If a Holeum in an excited state goes to a lower energy state , it emits a gravitational radiation of frequency given by
which is the gravitational Rydberg constant. Note that the orbital angular momentum must change by a multiple of 2 because of the spin 2 of the graviton. Now where is the radial quantum number and is the orbital angular momentum quantum number. Therefore, must be an even integer. Note that we can rewrite equation (1.56) using equation (1.26) as
where is the Schwarzschild radius of a black hole of mass . It is given by
Using equations (1.57) – (1.60), we present the values of several quantities of interest in Table 1.2. We note that presently gravitational wave detectors are being built around frequencies of about – Hz. From Table 1.2 we see that Holeums having sizes in the atomic and the nuclear range would emit gravitational radiation covering this range. This can be tested once sufficiently powerful gravitational wave detectors become operational. The corresponding masses of the primordial black holes are in the range of GeV/c – GeV/c.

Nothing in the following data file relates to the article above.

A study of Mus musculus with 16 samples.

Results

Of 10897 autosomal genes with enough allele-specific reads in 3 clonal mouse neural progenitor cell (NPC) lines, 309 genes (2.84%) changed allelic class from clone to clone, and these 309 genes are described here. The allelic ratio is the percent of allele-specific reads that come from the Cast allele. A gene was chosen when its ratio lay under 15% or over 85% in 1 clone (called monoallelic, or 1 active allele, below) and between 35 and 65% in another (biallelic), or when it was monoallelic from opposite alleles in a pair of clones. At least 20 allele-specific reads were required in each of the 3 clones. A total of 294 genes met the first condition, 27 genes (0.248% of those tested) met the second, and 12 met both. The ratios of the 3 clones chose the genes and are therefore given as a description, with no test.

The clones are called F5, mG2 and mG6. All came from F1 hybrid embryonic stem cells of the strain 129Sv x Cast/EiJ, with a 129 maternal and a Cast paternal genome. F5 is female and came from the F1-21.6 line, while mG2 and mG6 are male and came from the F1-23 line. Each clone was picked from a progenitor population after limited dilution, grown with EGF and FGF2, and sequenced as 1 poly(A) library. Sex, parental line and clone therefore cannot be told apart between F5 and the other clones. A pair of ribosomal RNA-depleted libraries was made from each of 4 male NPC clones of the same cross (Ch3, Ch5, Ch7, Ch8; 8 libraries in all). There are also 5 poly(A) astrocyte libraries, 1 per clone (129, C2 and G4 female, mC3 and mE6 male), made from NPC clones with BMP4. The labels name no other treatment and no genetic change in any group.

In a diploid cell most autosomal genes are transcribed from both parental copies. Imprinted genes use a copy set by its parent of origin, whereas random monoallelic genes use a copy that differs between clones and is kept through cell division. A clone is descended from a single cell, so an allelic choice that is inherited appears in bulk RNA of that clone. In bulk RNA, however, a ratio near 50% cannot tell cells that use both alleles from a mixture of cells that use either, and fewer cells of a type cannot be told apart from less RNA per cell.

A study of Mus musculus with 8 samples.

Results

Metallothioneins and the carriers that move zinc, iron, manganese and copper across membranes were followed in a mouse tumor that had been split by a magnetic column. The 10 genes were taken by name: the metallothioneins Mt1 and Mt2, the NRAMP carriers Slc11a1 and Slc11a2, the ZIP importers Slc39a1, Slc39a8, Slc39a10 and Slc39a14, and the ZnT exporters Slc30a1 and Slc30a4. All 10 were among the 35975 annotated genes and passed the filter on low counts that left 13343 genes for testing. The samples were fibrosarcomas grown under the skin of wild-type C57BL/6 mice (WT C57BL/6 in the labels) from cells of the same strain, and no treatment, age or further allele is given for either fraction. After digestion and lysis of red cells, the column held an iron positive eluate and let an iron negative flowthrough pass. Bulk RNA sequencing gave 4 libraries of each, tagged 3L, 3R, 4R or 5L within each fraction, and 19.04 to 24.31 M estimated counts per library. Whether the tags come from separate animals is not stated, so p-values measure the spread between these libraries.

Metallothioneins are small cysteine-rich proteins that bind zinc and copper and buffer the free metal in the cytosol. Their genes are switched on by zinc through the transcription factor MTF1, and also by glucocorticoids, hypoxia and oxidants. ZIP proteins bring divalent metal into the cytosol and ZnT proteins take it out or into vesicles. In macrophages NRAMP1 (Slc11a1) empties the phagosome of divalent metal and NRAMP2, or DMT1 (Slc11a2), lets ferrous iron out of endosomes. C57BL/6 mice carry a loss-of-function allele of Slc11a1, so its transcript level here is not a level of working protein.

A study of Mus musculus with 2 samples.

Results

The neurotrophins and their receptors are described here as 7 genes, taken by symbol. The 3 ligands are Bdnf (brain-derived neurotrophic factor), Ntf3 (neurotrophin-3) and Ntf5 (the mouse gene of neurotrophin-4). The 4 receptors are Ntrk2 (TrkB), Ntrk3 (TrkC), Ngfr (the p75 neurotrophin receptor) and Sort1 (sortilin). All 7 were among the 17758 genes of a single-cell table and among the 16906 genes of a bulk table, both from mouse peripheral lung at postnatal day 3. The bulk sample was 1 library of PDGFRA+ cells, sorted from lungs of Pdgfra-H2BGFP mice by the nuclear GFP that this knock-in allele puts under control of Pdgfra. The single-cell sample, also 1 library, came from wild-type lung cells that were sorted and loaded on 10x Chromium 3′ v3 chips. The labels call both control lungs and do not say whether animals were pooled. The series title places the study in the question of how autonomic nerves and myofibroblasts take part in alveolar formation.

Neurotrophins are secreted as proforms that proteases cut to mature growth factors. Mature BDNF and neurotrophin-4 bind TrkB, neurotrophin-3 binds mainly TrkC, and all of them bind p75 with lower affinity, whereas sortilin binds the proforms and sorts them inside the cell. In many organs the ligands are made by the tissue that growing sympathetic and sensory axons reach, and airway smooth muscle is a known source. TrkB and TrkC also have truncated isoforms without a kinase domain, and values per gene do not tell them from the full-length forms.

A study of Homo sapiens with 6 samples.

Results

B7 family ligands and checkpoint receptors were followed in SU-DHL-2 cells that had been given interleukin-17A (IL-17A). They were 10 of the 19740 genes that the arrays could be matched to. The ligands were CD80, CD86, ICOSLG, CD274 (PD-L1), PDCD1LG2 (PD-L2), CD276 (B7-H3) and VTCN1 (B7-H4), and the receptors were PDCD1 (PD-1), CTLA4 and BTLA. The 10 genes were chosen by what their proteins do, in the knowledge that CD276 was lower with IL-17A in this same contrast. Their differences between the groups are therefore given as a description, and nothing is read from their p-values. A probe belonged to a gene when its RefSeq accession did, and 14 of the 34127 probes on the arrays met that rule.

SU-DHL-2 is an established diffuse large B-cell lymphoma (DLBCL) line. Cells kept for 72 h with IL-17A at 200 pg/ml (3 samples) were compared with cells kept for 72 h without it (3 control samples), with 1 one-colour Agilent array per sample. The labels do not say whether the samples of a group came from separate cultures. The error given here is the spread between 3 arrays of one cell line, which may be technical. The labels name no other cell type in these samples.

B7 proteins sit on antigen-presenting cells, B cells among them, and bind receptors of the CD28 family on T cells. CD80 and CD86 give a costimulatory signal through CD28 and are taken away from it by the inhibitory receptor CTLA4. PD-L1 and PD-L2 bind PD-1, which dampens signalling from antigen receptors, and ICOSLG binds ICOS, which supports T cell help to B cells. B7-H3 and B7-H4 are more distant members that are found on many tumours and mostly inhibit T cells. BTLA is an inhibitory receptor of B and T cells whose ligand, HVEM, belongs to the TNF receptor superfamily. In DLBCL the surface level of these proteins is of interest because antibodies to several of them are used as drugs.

From equation (12.59) we get
This quantity, given by equation (1.61), is presented in Table 1.2. From the latter we see that is extremely small for massive Holeums. This makes the derivative in equation (1.62) negligibly small implying great stability of their orbits. As seen from equations (1.57) and (1.58), the transitions among the discrete levels GeV/c to GeV/c. The following quantities are displayed in the table: : the mass of the constituent Primordial Black Holes of the Holeum (GeV/c), : the ionization energy of the Holeum (GeV), : the ground state radius of the Holeum (m), : the mass of the Holeum (GeV/c), : the gravitational Rydberg constant (Hz).
 L. K. Chavda and Abhijit L. Chavda, Dark matter and stable bound states of primordial black holes, arXiv:gr-qc/0308054 (2002).